Exploding stars emit powerful bursts of energy − I’m leading a citizen science project to classify and learn about these bright flashes

When distant stars explode, they emit bursts of energy called gamma-ray bursts that are so bright that telescopes on Earth can detect them. Studying these pulses, which can also come from mergers of some exotic astronomical objects such as black holes and neutron stars, can help astronomers like me understand the history of the universe.

Space telescopes detect an average of one gamma-ray burst per day, adding to the thousands of bursts detected over the years, and a community of volunteers makes research into these bursts possible.

On November 20, 2004, NASA launched the Neil Gehrels Swift Observatory, also known as Swift. Swift is a multi-wavelength space telescope that scientists use to learn more about these mysterious gamma-ray bursts from the universe.

Gamma ray bursts usually last only a very short time, from a few seconds to a few minutes, and most of their emission is in the form of gamma rays, which is part of the light spectrum that our eyes cannot see. Gamma radiation contains a lot of energy and can damage human tissues and DNA.

Fortunately, Earth’s atmosphere blocks most gamma rays from space, but that also means the only way to observe gamma rays is through a space telescope like Swift. During the 19 years of his observations, Swift observed more than 1,600 gamma-ray bursts. The information it gathers from these outbursts helps astronomers on the ground measure the distances to these objects.


Data from Swift and other observatories have taught astronomers that gamma-ray bursts are among the most powerful explosions in the universe. They are so bright that space telescopes like Swift can detect them from across the universe.

In fact, gamma-ray bursts are among the most distant astrophysical objects observed by telescopes.

Because light travels at a finite speed, astronomers are essentially looking back in time as they look further into the universe.

The farthest gamma-ray burst ever observed occurred so far away that the light took 13 billion years to reach Earth. So when telescopes took pictures of that gamma-ray burst, they observed the event as it looked 13 billion years ago.

Gamma-ray bursts allow astronomers to learn more about the history of the universe, including how the birth rate and mass of stars change over time.

Types of gamma-ray bursts

Astronomers now know that there are actually two types of gamma-ray bursts: long and short. They are classified based on how long their pulses last. The long gamma-ray bursts have pulses longer than two seconds, and at least some of these events are associated with supernovae – exploding stars.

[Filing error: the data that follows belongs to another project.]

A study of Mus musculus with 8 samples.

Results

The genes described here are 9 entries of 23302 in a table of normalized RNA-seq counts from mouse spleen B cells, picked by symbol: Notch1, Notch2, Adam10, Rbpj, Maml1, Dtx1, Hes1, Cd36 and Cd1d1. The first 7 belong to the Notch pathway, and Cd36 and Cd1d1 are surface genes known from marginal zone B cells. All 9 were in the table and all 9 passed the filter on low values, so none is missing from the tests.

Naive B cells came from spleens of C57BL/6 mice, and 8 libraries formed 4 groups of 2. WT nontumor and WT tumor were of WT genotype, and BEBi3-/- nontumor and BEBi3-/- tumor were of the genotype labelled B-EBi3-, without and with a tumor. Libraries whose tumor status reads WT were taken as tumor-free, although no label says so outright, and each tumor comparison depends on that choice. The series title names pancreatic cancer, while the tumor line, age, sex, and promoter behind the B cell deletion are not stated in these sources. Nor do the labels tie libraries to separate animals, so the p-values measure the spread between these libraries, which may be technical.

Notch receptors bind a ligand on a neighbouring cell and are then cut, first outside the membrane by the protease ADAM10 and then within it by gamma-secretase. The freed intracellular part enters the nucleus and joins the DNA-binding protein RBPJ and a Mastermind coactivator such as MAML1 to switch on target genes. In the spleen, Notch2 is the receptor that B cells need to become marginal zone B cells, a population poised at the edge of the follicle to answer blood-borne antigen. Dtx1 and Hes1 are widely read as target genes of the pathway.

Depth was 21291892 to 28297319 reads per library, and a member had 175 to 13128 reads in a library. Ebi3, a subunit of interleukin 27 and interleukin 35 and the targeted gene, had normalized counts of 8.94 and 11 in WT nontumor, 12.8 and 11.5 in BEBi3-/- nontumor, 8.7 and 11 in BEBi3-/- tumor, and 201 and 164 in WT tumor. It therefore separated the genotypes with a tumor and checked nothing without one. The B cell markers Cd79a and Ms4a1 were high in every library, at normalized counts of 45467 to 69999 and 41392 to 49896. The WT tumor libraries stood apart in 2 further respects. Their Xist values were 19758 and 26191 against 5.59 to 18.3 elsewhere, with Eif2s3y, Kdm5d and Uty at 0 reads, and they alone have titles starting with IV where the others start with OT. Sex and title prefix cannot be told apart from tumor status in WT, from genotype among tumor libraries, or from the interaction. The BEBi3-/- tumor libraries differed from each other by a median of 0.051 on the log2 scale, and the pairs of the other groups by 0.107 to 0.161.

When a massive star, or one at least eight times as massive as our Sun, runs out of fuel, it will explode as a supernova and collapse into a neutron star or black hole.

Both neutron stars and black holes are extremely compact. If you were to shrink the entire Sun to a diameter of about 12 miles, or the size of Manhattan, it would be as dense as a neutron star.

Some particularly massive stars can also release beams of light when they explode. These jets are concentrated beams of light driven by structured magnetic fields and charged particles. When these jets are aimed at Earth, telescopes like Swift will detect a gamma-ray burst.

On the other hand, short gamma-ray bursts have pulses of less than two seconds. Astronomers suspect that most of these short bursts occur when two neutron stars or a neutron star and a black hole merge.

When a neutron star gets too close to another neutron star or a black hole, the two objects will orbit each other and creep closer as they lose some of their energy through gravitational waves.

These objects eventually converge and emit short jets. When the short jets are aimed at Earth, space telescopes can detect them as short gamma-ray bursts.

Classifying gamma-ray bursts

Classifying bursts as short or long is not always that simple. In the past few years, instead of the expected mergers, astronomers have discovered some curious short gamma-ray bursts associated with supernovae. And they found some long gamma-ray bursts associated with mergers rather than supernovae.

These confusing cases show that astronomers do not fully understand how gamma-ray bursts arise. They suggest that astronomers need a better understanding of the shapes of gamma-ray pulses to better connect the pulses to their origins.

But it is difficult to systematically classify the pulse shape, which is different from the pulse duration. Pulse shapes can be very diverse and complex. Until now, even machine learning algorithms have not been able to correctly recognize all the detailed pulse structures that astronomers are interested in.

Community Science

My colleagues and I enlisted the help of volunteers through NASA to identify pulse structures. Volunteers learn to identify the pulse structures, then look at images on their own computers and classify them.

Our preliminary results suggest that these volunteers – also called citizen scientists – can quickly learn and recognize the complex structures of gamma-ray pulses. By analyzing this data, astronomers can better understand how these mysterious eruptions arise.

Our team hopes to find out whether more gamma-ray bursts in the sample challenge the previous short and long classification. We will use the data to more closely investigate the history of the universe through gamma-ray burst observations.

This citizen science project, called Burst Chaser, has grown since our preliminary results and we are actively recruiting new volunteers to join our quest to study the mysterious origins behind these bursts.

This article is republished from The Conversation, an independent nonprofit organization providing facts and analysis to help you understand our complex world.

It was written by: Amy Lien, University of Tampa.